Long, hot summer means 2018 will be a good vintage
- Credit: Giffords Hall Vineyard
It looks like being a great year for East Anglia’s wine producers - and so for wine drinkers.
A wet start to the year followed by weeks of glorious sunshine and minimal rainfall may have proven disastrous for farmers but one group of growers in East Anglia are celebrating.
The conditions have been perfect for vineyards, and those Est Anglia are now boasting plump fruit and predictions of a great vintage.
“It is looking really great this year, with higher yields,” said Jane Mohan, who runs West Street Vineyard at Coggeshall. “Unlike other farmers I don’t care about watering.
“With vines, like husbands and boyfriends, you have to treat them mean to keep them keen. You have to treat them a bit harshly and then you get great fruit.
Jane and husband Stephen took over West Street 10 years ago, and began adding to the 600 existing vines.
There have been wines produced in East Anglia since the time of the Romans; with early evidence of viticulture found at Marks Tey - not far from the Mohan’s site at Coggeshall, from which they also run a restaurant and regular wine tasting sessions.
Jane explained that the whole family will be involved in the harvesting, probably in October this year.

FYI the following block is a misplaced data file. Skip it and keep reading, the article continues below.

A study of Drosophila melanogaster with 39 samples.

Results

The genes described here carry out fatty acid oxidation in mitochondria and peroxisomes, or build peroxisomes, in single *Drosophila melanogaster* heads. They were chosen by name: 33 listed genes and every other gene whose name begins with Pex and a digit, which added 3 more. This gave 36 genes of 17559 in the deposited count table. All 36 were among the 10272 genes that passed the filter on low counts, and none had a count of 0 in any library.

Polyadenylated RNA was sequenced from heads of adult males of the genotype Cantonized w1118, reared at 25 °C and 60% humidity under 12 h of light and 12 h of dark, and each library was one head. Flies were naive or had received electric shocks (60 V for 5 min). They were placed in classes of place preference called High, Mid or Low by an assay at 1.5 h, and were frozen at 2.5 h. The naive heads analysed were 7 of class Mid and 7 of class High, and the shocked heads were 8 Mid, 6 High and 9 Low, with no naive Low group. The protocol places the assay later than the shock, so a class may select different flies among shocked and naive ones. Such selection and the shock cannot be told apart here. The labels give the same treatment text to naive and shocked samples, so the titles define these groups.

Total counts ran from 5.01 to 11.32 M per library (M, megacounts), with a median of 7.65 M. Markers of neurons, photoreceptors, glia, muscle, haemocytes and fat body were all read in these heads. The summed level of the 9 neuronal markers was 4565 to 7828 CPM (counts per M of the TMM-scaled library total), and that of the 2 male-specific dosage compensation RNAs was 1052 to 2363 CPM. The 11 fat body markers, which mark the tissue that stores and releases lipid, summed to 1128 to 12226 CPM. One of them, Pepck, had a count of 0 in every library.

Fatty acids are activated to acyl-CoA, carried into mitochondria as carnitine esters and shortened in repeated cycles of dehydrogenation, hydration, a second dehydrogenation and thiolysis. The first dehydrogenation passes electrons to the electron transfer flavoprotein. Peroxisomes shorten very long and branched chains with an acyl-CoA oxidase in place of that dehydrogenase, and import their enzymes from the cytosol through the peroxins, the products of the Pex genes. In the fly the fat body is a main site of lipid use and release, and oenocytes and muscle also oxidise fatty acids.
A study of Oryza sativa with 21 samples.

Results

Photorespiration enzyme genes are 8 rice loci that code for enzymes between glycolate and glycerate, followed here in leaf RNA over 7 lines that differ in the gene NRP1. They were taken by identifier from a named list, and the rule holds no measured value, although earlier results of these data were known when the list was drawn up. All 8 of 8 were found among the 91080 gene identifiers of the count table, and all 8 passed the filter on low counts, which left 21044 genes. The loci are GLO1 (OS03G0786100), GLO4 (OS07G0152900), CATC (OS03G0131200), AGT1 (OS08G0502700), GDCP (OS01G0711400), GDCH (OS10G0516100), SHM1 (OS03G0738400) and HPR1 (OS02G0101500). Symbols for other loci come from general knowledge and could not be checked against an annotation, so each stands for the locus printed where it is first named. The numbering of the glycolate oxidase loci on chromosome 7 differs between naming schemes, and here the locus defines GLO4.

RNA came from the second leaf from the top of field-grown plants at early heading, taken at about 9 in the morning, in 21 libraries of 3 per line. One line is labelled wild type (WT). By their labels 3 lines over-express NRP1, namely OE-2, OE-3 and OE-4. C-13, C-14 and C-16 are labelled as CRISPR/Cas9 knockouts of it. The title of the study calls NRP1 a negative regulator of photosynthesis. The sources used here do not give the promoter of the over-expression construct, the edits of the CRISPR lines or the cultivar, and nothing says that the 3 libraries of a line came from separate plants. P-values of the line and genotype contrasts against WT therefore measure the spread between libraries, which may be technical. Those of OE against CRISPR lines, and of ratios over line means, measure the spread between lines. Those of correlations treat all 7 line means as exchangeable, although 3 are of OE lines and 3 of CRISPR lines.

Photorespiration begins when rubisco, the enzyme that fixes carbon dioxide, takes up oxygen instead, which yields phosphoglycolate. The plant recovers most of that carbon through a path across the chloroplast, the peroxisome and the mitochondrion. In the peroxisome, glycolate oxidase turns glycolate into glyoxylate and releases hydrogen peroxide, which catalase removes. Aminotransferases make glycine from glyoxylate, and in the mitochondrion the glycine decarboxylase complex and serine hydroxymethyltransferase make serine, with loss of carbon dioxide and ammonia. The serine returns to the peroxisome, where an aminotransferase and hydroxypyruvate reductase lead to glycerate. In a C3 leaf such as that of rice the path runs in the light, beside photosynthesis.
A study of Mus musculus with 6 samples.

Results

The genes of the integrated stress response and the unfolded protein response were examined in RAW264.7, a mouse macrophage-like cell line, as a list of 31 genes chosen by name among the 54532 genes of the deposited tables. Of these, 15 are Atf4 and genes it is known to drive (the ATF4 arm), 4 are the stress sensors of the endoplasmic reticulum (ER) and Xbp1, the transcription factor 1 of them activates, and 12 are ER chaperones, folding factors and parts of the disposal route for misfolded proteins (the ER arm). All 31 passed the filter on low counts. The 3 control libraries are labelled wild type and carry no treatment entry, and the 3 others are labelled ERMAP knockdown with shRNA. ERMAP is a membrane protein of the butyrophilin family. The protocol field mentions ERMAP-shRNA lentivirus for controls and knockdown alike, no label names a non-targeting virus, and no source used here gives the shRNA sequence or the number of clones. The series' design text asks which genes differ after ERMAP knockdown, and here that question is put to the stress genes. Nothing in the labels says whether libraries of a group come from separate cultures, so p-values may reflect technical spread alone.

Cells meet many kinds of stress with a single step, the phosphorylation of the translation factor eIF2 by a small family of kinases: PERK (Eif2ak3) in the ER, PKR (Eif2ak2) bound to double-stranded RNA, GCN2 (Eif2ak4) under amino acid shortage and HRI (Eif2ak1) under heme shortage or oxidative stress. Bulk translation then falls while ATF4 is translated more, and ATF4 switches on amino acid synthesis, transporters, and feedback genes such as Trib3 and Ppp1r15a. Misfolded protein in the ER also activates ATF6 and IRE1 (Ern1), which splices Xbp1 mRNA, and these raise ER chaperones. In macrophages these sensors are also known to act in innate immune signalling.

Guy Howard, at Giffords Hall Vineyard, in Hartest, near Bury St Edmunds agreed that 2018 will be a good vintage,
He said: “It is looking to have the potential for a very good wine crop. Vine roots run deep and so a good winter rain is essential and we have had that.
“It follows on from a couple of tough years for winegrowers in the UK, Europe and the world.”
The vineyard has a wine shop, and offers tours by arrangement. They export to Holland and Belgium.
At Wissett, outside Halesworth, wine growers Elaine Heeler and Vanessa Tucker are anticipating a great year. Together they run Valley Farm Vineyard.
Elaine Heeler said: “The weather has been fabulous. It wasn’t a great start to the year but we have caught up.
“Our fruit is looking very healthy because we have had lots of lovely sunshine.
“Our yield will definitely be up, but we will keep our fingers crossed there will be no surprises.”
Their yield last year was eight tonnes, she said, “I hope it will be eight tonnes this harvest.”
Harvesting might begin in late September, she said.